A Weekend Around Cowal: Sunday25th November 2011
Being stiffer on a day that fitted in a lot of walking doesn’t mean that you have to be grounded as this piece hopefully will prove. Having alluring weather certainly helps, of course, as does the proximity of some attractive countryside where you can trot largely undisturbed. Hopefully, what follows will show that you don’t need to go too far away from Dunoon to escape in among some hills. In fact, it was handy that no form of transport other than walking did the trick for it was a little later in the day by the time that I did get out for a longer hike.
A Sunday Morning Opener
As if to loosen limbs after the previous day’s exertions, I took the chance to walk along the shore from Hunter’s Quay to the war memorial at Lazaretto Point on that morning. Even with tired limbs, the beauty of the morning was unmissable and I got to enjoy what I had seen from a bus the day before at a much slower pace. Views across Holy Loch towards Strone and Blairbeg Hill were in abundance, though their being to my east didn’t make photography so easy. In time, hills towards the north-west came into sight. Nothing might be all that high around these parts, but any hills do rise steeply from the floors of the glens that go through them, so their ascent is an energetic task. Reaching Lazaretto Point revealed further views up Strath Eachaig and more than me were wandering about the place too. With the vistas on offer, that was no surprise and I stopped on a nearby beach for a little while too before retracing my steps again.
To Glen Kin and Back
That morning stroll wasn’t the limit of my Sunday walking around Dunoon since it and a little rest had loosened my legs a little. In fact, I decided to explore some of the wooded hills behind the town itself. My entry point to their coniferous cloak was near Sandbank and there was heat to be felt too as I gained height. Signposts were there to be surveyed too, though the trees did cut down on any views of the surrounding countryside; all that was available were peepholes. If an enclosed world away from that of the everyday is what you need, then this could be cathartic.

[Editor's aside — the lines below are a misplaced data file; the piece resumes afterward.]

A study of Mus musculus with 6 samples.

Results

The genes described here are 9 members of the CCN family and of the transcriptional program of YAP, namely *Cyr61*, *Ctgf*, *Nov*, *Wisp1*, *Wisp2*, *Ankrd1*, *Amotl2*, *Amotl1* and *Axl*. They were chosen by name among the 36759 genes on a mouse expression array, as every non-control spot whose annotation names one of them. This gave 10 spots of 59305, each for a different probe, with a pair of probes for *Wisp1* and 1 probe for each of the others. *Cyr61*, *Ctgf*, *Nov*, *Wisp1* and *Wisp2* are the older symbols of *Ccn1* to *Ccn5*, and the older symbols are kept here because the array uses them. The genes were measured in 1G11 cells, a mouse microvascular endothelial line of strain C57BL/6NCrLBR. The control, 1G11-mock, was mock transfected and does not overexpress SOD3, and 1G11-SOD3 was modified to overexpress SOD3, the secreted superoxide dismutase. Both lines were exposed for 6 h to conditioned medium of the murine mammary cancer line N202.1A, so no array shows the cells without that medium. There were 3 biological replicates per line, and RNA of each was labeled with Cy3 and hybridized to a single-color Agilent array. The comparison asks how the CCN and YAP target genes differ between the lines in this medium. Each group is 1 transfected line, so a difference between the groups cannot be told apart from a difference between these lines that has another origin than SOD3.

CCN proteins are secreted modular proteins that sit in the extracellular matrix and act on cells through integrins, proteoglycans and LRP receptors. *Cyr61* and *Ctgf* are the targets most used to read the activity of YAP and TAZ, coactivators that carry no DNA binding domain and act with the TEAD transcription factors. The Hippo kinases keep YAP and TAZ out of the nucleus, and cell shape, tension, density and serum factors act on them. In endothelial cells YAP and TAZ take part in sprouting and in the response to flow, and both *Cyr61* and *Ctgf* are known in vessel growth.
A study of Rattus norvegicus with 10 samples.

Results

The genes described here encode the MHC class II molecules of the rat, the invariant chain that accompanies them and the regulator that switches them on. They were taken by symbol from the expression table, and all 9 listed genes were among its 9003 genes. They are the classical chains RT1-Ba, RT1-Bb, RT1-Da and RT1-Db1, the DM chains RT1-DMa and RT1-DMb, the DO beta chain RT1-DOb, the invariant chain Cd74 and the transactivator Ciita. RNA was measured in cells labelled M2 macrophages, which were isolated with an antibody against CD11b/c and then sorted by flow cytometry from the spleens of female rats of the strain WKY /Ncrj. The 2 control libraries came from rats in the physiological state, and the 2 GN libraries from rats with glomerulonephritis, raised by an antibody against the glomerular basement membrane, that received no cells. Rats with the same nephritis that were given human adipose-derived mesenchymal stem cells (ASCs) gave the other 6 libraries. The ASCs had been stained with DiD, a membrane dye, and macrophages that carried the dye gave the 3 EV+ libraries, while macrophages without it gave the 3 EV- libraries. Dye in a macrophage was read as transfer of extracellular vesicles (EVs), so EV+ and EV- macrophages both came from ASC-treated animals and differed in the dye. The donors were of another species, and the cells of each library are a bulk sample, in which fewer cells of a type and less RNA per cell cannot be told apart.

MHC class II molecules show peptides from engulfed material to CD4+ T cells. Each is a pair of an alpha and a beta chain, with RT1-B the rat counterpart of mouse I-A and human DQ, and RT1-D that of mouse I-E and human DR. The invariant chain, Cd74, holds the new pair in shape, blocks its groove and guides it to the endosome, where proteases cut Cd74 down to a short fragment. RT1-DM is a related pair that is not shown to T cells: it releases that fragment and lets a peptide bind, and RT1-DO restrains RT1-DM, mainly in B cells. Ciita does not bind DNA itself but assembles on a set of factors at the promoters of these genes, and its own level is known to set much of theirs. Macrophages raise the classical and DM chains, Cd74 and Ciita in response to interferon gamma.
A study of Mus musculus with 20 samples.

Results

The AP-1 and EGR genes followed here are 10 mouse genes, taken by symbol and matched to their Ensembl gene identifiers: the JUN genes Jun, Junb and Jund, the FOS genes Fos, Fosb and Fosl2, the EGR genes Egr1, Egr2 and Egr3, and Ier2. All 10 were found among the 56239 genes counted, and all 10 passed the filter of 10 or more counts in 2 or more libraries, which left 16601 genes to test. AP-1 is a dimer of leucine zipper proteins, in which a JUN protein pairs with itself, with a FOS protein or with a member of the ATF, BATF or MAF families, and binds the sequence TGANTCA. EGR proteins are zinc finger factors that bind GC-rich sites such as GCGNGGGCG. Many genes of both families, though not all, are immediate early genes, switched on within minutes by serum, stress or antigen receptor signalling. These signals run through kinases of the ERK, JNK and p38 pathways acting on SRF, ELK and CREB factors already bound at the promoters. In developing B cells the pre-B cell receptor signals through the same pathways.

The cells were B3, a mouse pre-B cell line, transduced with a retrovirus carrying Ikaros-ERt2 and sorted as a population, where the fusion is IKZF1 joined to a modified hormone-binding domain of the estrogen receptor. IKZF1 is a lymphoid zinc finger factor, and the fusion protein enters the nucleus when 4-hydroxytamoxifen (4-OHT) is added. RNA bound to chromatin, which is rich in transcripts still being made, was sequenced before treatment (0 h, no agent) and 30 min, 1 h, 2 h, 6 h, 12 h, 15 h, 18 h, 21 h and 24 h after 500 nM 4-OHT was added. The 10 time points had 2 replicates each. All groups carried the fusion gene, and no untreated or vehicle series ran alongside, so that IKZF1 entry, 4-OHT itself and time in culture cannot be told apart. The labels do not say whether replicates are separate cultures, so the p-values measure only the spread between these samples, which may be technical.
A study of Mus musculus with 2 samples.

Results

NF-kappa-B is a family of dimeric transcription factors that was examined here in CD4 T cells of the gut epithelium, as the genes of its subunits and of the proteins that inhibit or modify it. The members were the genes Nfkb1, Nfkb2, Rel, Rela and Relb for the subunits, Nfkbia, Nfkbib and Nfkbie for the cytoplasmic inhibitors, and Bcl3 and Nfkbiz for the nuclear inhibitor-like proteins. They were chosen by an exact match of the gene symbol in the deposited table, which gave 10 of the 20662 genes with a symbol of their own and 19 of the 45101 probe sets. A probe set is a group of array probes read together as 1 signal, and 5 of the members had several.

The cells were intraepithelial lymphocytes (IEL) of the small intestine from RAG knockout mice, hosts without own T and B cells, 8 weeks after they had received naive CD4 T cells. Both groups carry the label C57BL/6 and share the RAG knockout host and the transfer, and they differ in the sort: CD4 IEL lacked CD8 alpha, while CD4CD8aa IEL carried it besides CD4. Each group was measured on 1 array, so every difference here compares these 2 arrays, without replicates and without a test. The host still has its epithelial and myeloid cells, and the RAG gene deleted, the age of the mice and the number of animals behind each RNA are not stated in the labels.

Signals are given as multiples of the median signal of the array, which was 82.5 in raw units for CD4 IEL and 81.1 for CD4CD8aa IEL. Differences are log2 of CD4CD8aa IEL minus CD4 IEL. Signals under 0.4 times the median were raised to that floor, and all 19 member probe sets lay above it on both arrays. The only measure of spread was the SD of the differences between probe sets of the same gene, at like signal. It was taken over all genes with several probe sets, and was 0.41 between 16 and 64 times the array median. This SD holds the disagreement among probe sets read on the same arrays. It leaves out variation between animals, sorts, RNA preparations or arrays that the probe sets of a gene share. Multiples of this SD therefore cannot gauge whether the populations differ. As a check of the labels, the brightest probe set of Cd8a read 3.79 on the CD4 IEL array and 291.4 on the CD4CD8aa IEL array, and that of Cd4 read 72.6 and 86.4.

Destinations on those signs included the likes of Dunan, where a clearing is shown in my O.S. Explorer map, so vistas may be available (maps may not keep up with tree cover though, so actually going there would be the best way of confirming this), and Glen Kin. It was the latter towards which I was headed as I lazily gained height and negotiated twists, turns and junctions.
As I was rounding Strone Saul, the quality of the track deteriorated due to ongoing forestry operations. There was plenty of wet mud about and, though the views were more open, the effects of tree harvesting were there to be surveyed too. Photography here wasn’t going to be as straightforward as on the slopes of normally open and largely untouched hillsides. Height started to be lost too as I dropped towards the floor of Glen Kin. This was something about which I wasn’t all that happy because height loss can mean later height gain too and I was conscious of having tired legs, not that they dominated my thoughts at all often over the course of the afternoon and evening.
Glen Kin became a place that I was to have to myself and it too showed signs of tree harvesting. That meant views all around me were more open than before the operations started and hummocks like Bishop’s Seat were easy to see. The strength of the sun remained discernible as I gained height on rounding the head of the glen. After the chill felt the day before, it was a change to feel some heat instead. A track that would have taken me down right alongside Glenkin Burn had been rejected in favour of a higher return route.
While I may have played with the idea of climbing the slopes to Bealach na Sreine to gain views down Inverchaolain Glen towards Loch Striven, a reassessment of the time of day meant that these ambitions were left unrealised. However, I did see a sign for the track that I would have used and got to pondering a day out that would involve starting from my hotel and making my way to Inverchaolain where I would start walking up the glen that carries its name to reach the aforementioned bealach and return to Dunoon from there. Of course, that’s something for another time, but walks and walking ideas can spawn even more walking ideas. Hopefully, I’ll be able to use at least some of the ones that have emerged in my mind in this way. Reconnaissance always is good.
Following that higher level route from the head of Glen Kin brought me onto the B836 near Clachaig. Though that is the road that one would follow to get to Dunoon to the Isle of Bute or to Portavadie for a crossing to Tarbert on the Mull of Kintyre, it was quiet at the hour that I was using it as my return route to Dunoon. Though tarmac bashing doesn’t give the best of walking experiences, taking it steady meant both progress and having time to savour my surroundings so it wasn’t so bad. In fact, the same approach was to accompany me all the way back to Dunoon that evening.
Monday saw me head home again after a weekend with a few hikes fitted into the few days. After having pondered spending a weekend in Cowal for a while and remembering that first glimpse while walking along the Kintyre Way from Claonaig to Tarbert, it certainly was no disappointment. In fact, there are other places that I can explore around there, so a return remains a possibility once I get the time to construct some sort of plan. Of course, such designs always are subject to change, but that can produce memorable and enjoyable surprises too.
Ferry from Dunoon to Gourock followed by a train journey from there to Macclesfield with changes at Glasgow, Preston and Manchester.